FHA Mortgages: Get a Good Deal While You Can

Next time you're inclined to complain about the bankers' bailout, remember that homebuyers are now on government life support as much as anyone.

This week, Federal Housing Administration chief David Stevens announced that his agency is now the largest source of home-purchase mortgages in the nation. According to the firm Potomac Partners, FHA insured $52.5 billion in purchase loans in the first three months of 2010. The government-controlled Fannie Mae and Freddie Mac purchased just $46 billion.

This is the first time in memory that FHA is the dominant player in the mortgage business, a role it hasn't really had since era of "Father Knows Best" in the 1950s.

What does FHA's new dominance mean for home buyers?

Stevens told a Mortgage Bankers Association conference that FHA's bigger role was bad news. "This is a market purely on life support, sustained by the federal government," Bloomberg News quoted him saying. "Having FHA do this much volume is a sign of a very sick system."

By contrast, as recently as 2006 FHA handled less than 4 percent of the homebuying market, and in the 15 years before the crisis it never got above about 14 percent.

Fannie Mae and Freddie Mac, along with subprime lenders, siphoned off almost the entire business of FHA by selling loans that were easier to get and usually had (at least initially) lower interest rates.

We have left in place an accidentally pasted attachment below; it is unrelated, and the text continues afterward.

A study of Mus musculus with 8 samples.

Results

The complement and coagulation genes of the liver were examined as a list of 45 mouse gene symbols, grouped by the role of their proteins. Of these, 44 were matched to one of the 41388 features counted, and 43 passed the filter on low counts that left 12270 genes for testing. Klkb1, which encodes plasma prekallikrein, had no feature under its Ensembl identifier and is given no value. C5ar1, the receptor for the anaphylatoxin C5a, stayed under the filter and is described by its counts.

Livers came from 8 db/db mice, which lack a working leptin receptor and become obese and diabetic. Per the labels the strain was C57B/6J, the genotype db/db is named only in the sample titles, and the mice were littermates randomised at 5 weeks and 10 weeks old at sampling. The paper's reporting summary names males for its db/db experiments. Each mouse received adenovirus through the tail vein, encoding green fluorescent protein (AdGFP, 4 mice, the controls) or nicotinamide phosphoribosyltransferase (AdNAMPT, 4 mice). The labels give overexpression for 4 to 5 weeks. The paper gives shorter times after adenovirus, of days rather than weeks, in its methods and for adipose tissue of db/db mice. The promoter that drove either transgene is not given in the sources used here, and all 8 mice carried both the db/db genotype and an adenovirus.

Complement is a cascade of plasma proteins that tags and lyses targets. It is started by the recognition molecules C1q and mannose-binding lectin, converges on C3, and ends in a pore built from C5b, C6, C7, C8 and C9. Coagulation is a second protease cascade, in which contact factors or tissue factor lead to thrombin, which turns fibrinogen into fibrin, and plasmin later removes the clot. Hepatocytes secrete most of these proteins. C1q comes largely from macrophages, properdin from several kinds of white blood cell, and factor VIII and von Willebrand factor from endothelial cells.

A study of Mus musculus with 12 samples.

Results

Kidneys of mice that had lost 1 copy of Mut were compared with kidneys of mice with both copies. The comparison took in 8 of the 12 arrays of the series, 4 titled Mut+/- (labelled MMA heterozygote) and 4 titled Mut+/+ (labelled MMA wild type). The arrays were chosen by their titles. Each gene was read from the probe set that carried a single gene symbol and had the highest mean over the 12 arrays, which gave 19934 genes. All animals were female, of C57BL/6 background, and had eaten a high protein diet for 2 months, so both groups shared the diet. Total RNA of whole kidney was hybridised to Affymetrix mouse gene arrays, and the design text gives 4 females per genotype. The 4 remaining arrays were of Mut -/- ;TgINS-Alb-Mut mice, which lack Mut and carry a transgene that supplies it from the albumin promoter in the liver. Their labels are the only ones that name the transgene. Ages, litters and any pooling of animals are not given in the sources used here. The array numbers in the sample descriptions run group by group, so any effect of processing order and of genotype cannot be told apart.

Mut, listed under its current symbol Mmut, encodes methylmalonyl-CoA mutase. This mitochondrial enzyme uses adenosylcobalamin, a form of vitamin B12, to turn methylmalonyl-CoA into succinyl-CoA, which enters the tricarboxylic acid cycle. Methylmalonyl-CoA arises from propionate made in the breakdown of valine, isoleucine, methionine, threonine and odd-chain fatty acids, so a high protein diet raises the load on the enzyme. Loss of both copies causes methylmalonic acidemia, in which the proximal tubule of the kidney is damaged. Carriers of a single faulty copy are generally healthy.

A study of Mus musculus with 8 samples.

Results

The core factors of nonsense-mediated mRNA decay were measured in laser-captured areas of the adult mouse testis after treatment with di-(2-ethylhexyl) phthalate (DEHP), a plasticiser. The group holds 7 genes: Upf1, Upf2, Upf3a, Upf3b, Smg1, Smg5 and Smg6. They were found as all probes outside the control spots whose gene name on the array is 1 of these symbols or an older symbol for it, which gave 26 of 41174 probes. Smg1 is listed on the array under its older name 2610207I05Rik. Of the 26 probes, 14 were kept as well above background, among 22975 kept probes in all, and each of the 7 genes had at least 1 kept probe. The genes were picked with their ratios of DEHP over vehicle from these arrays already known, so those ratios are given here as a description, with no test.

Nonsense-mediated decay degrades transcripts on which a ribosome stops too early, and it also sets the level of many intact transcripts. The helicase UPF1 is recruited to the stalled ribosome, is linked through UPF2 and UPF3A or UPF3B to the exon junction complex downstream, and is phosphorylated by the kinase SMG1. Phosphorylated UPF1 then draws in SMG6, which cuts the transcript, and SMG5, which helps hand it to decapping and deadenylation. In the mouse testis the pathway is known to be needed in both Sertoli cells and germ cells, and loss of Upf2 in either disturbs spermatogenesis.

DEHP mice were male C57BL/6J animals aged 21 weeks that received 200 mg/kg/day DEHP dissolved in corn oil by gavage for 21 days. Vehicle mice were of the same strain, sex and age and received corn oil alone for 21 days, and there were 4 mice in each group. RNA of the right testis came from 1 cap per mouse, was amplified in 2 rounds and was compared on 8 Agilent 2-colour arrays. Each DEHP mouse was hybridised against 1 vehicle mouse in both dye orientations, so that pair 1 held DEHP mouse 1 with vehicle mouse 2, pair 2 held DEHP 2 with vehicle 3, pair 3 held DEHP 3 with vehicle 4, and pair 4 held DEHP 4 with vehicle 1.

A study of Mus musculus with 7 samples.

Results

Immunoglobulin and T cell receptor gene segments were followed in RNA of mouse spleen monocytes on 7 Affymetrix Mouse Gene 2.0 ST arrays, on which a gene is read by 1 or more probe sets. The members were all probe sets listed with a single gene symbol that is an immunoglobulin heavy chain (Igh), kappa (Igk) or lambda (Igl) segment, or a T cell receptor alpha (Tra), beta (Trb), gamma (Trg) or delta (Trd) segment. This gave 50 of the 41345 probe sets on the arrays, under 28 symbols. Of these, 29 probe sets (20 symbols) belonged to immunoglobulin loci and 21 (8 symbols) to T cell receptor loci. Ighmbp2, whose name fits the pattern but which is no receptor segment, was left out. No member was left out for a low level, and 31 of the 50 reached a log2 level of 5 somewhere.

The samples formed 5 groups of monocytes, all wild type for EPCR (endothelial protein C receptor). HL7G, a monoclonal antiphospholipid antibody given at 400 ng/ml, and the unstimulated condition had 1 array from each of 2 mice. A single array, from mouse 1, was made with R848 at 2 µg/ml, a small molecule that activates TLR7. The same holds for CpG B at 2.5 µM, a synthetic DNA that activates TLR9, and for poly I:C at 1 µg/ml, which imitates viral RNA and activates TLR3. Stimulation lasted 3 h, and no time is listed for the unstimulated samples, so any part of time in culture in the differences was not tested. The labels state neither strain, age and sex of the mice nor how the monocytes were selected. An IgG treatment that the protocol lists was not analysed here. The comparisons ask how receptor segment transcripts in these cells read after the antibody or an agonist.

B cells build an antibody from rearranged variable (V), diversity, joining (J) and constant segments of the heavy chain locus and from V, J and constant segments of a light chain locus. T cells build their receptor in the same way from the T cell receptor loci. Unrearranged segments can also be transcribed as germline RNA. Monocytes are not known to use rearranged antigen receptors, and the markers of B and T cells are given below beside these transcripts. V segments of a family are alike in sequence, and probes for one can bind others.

But the bad news for FHA is actually good news for home buyers.

Stevens is worried because his agency's responsibilities are just getting too big for a strapped federal government to manage. But you can still get a home for just 3.5 percent down, far less than is possible without the insurance fund's backing.

Private mortgage insurance continues to be difficult to find, and expensive, making FHA and its insurance fund -- which assures lenders of getting paid back in case you can't pay your loan -- the best way to get a low down-payment mortgage.

A big low-down-payment mortgage, I might add.

In order to provide mortgage credit during the crisis (as other options disappeared), Congress temporarily raised an FHA maximum loan size to as high as $729,750, up from just $290,319 in 2004. (It was just $160,176 for areas outside the most expensive real estate markets). Sooner or later, Congress will shrink FHA's maximum loan size once again, meaning that those low-down-payment loans will once again only be available for relatively affordable real estate -- starter homes, small houses, and so on. That was always what FHA was supposed to be for, ever since it started in 1935 – to make mortgages available for people of modest means who couldn't otherwise get them.

The right-sizing of FHA won't come a moment too soon. FHA currently has to dig itself out of a mess. In 2007 and 2008, poorly regulated lenders who signed up with the program had backed a big volume of sketchy loans. Sometimes that was done in connection with organized fraud -- that lenders pursued to generate business as the real estate market collapsed. The insurance fund now has to deal with resulting defaults.

About 12 percent of all FHA loans are currently past due, according to the Mortgage Bankers Association, second only to the rate for subprime loans and exactly double that of prime loans.

FHA recently increased the upfront fee you'll have to pay in order to get one of its insured loans, to 2.25 percent of your total loan amount. That comes in addition to annual premiums, and it's a step to make sure that foreclosures don't kill the FHA insurance fund.

But if you're looking to buy a home with a low down payment, FHA is worth every penny. That's why so many buyers are stampeding there – and why the overwhelmed head of the FHA was pleading with mortgage bankers to get the private market moving again.